Republican presidential candidate Mitt Romney speaks at a campaign rally in Fairfax, Va., on Sept. 13.
Credit: Nicholas Kamm

BUZZARDS BAY, Mass. — It was just a few days ago that a top foreign policy adviser for Republican nominee Mitt Romney sought to blunt the sharp attacks leveled on his candidate by the Democrats last week in Charlotte.

"It doesn't surprise me that [the Obama team is] raising foreign policy because it's another distraction from the administration’s terrible economic record,” said Robert O’Brien, speaking to BuzzFeed. “They're going from one shiny object to the next."

But Romney seemed unable to resist engaging the topic on Tuesday evening, when he struck out angrily at the Obama administration for its reaction to the crises in Libya and Egypt.

“It's disgraceful that the Obama administration's first response was not to condemn attacks on our diplomatic missions, but to sympathize with those who waged the attacks,” Romney said in his statement.

You should have stuck to the “economy, stupid.”

This time the shiny object proved to be a hand grenade that just might blow up the entire campaign.


The Washington Post editorial board said that Romney’s response was a “discredit” to his campaign, and even his own people were scathing. One former adviser tried to explain Romney’s pique as a reaction to the thrashing he took in Charlotte, but acknowledged that the candidate had “stepped in it.”

The Romney campaign somewhat lamely responded that they had not known at the time of the statement that Ambassador J. Christopher Stevens and three other US diplomatic staff had been killed.

This rang especially hollow since they had scornfully rejected a similar argument from the Cairo Embassy, which said its walls had not been breached when it issued a statement condemning the anti-Muslim film that allegedly triggered the violence.

But what is at stake here is more than just the rookie mistakes of a foreign policy neophyte who, as Obama told CBS, “has a tendency to shoot first, aim later.”

Romney repeatedly accused the president and his administration of weakness, of capitulating to radicals. He used the word “apology” numerous times in his Wednesday press conference, saying, “I think it’s a terrible course for America to stand in apology for our values … An apology for America’s values is never the right course."

Which “values” was America allegedly apologizing for? Obama and his Secretary of State, Hillary Clinton issued denunciations, at times scathing, of an offensive and amateurish film whose provenance is unclear.


Clinton went even further on Thursday, saying she personally found the film “disgusting,” although she does go on to explain that, in the United States, people have a right to say what they want.

But a ludicrously idiotic film is not the issue, we are told. We must stand up for freedom of speech, for our First Amendment rights.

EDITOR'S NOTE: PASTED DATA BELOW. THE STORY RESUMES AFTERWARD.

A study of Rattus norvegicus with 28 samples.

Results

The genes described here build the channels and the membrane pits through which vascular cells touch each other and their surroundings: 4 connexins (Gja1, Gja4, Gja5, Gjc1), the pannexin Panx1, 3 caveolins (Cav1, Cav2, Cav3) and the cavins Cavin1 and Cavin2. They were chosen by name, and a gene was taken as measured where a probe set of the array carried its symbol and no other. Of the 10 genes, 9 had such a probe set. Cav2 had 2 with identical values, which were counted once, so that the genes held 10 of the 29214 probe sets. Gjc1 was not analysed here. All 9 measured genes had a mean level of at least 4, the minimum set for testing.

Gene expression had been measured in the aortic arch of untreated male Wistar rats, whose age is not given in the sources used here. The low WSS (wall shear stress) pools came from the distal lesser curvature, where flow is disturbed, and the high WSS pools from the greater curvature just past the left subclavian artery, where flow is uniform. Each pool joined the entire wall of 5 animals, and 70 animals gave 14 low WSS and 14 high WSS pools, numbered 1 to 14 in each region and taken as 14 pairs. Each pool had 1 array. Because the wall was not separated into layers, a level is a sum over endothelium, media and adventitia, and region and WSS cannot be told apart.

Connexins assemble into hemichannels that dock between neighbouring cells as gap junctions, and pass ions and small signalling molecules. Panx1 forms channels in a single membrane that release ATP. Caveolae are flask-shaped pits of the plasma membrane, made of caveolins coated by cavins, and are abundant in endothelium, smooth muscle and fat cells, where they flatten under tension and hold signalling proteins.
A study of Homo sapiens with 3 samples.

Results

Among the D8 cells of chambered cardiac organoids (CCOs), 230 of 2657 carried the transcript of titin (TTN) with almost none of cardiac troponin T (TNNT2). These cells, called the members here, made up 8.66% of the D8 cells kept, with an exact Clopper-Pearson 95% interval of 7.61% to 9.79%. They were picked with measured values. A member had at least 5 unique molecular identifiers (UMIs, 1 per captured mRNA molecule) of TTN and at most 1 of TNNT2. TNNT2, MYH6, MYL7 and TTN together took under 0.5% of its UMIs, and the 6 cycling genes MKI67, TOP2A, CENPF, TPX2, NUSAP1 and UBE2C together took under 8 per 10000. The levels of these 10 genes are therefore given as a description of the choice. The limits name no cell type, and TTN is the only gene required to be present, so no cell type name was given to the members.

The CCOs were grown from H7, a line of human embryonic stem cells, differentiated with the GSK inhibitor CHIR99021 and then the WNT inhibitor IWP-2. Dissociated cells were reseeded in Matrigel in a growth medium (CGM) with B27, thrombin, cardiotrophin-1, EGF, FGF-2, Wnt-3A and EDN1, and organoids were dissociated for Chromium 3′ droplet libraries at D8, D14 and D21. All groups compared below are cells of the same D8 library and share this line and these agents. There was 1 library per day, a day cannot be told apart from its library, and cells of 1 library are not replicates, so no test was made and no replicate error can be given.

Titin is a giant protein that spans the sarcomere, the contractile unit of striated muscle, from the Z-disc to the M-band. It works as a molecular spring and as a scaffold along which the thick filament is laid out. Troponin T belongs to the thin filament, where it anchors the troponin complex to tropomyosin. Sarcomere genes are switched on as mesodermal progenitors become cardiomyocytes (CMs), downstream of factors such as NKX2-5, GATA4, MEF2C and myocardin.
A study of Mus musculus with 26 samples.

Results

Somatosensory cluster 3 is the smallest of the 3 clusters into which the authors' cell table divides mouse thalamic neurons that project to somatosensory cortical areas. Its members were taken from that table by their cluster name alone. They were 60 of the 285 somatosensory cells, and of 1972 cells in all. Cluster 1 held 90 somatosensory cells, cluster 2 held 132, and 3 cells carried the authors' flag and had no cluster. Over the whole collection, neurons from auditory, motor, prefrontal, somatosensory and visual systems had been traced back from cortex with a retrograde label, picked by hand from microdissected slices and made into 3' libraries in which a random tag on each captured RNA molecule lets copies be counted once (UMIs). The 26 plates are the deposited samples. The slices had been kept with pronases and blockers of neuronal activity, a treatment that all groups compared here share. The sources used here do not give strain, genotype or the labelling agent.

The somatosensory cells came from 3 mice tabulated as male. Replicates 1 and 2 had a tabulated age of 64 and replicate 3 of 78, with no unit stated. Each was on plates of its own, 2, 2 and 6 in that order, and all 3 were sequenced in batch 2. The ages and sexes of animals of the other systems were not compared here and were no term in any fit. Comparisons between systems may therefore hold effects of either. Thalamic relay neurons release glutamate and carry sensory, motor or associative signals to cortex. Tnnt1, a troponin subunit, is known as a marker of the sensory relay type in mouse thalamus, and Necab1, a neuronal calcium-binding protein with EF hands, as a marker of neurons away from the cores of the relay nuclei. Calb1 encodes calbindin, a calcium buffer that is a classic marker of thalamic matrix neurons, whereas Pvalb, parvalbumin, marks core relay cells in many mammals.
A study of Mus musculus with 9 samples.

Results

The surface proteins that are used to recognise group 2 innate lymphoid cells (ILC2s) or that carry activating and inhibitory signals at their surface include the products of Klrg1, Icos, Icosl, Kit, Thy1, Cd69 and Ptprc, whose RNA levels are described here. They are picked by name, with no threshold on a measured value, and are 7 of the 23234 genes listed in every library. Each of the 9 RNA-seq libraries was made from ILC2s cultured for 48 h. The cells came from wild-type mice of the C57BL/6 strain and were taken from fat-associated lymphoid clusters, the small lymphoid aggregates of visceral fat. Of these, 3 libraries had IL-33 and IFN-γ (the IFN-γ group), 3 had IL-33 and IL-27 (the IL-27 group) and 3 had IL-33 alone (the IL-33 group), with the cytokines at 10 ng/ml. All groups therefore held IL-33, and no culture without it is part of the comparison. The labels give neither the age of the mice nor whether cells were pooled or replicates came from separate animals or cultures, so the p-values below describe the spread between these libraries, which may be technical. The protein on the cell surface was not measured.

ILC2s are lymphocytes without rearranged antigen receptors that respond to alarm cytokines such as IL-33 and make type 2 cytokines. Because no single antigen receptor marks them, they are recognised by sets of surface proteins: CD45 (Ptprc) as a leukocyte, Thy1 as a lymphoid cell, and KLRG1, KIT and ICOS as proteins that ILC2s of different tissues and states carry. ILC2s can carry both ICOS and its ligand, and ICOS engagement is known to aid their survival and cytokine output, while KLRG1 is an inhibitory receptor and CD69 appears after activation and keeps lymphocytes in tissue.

That is, of course, so. Hate speech is protected in the United States, although “fighting words” and irresponsible utterances such as shouting “fire” in a crowded theater face some limitations under the law. Anyone who has seen the 13-minute trailer could surely find a reason to censure the film if not to censor it.

Google has done just that. On Friday, the search giant and YouTube owner said it blocked access to the video in Egypt and Libya.

But does Romney’s firm commitment to absolute freedom extend to assaults on values that he holds dear? He has said openly that, as president, he would cut subsidies to the National Endowment for the Arts.

The NEA has been under attack from conservatives for years. Some if its more spectacular installations, such as Andres Serrano’s 1987 photograph of a crucifix dipped in urine, or Robert Mapplethorpe’s homoerotic displays, engendered fierce displays about the limits of artistic freedom.

For more mainstream entertainment, just ask Martin Scorsese about “The Last Temptation of Christ,” a film that so riled right-wing Christians that several theaters refused to screen it.


“Well, I haven’t seen the film,” he told ABC’s George Stephanopoulos. “I don’t intend to see it. I you know, I think it’s dispiriting sometimes to see some of the awful things people say. … Of course, we have a First Amendment. And under the First Amendment, people are allowed to do what they feel they want to do. They have the right to do that, but it’s not right to do things that are of the nature of what was done by, apparently this film.”

In other words, Romney repeated just about exactly what Obama and Clinton have been saying.

Romney’s critics have new fuel for their portrayal of a man who cannot be trusted to handle himself in public. He took a painful lashing over his gaffe-prone overseas trip. Now he’s under fire for the Stephanopoulos interview, where he condemned most of the world to poverty by reclassifying the notion of “middle income.”

“Is $100,000 middle income?” asked Stephanopoulos.

“No, middle income is $200,000 to $250,000 and less,” replied his guest.

In “The Real Romney,” by Michael Kranish and Scott Helman, the authors describe how Romney felt that he lost the nomination to John McCain in 2008 because he let himself be drawn into debates about foreign policy, in that case about the war in Iraq. In his next campaign, say the authors, Romney resolved not to abandon what he sees as his strong suit, the economy.

Maybe that’s not such a good idea, either.

In the six short weeks left before the presidential election, there will doubtless be many more distractions for both candidates. Romney’s advisers had better keep him from reaching for any more shiny objects.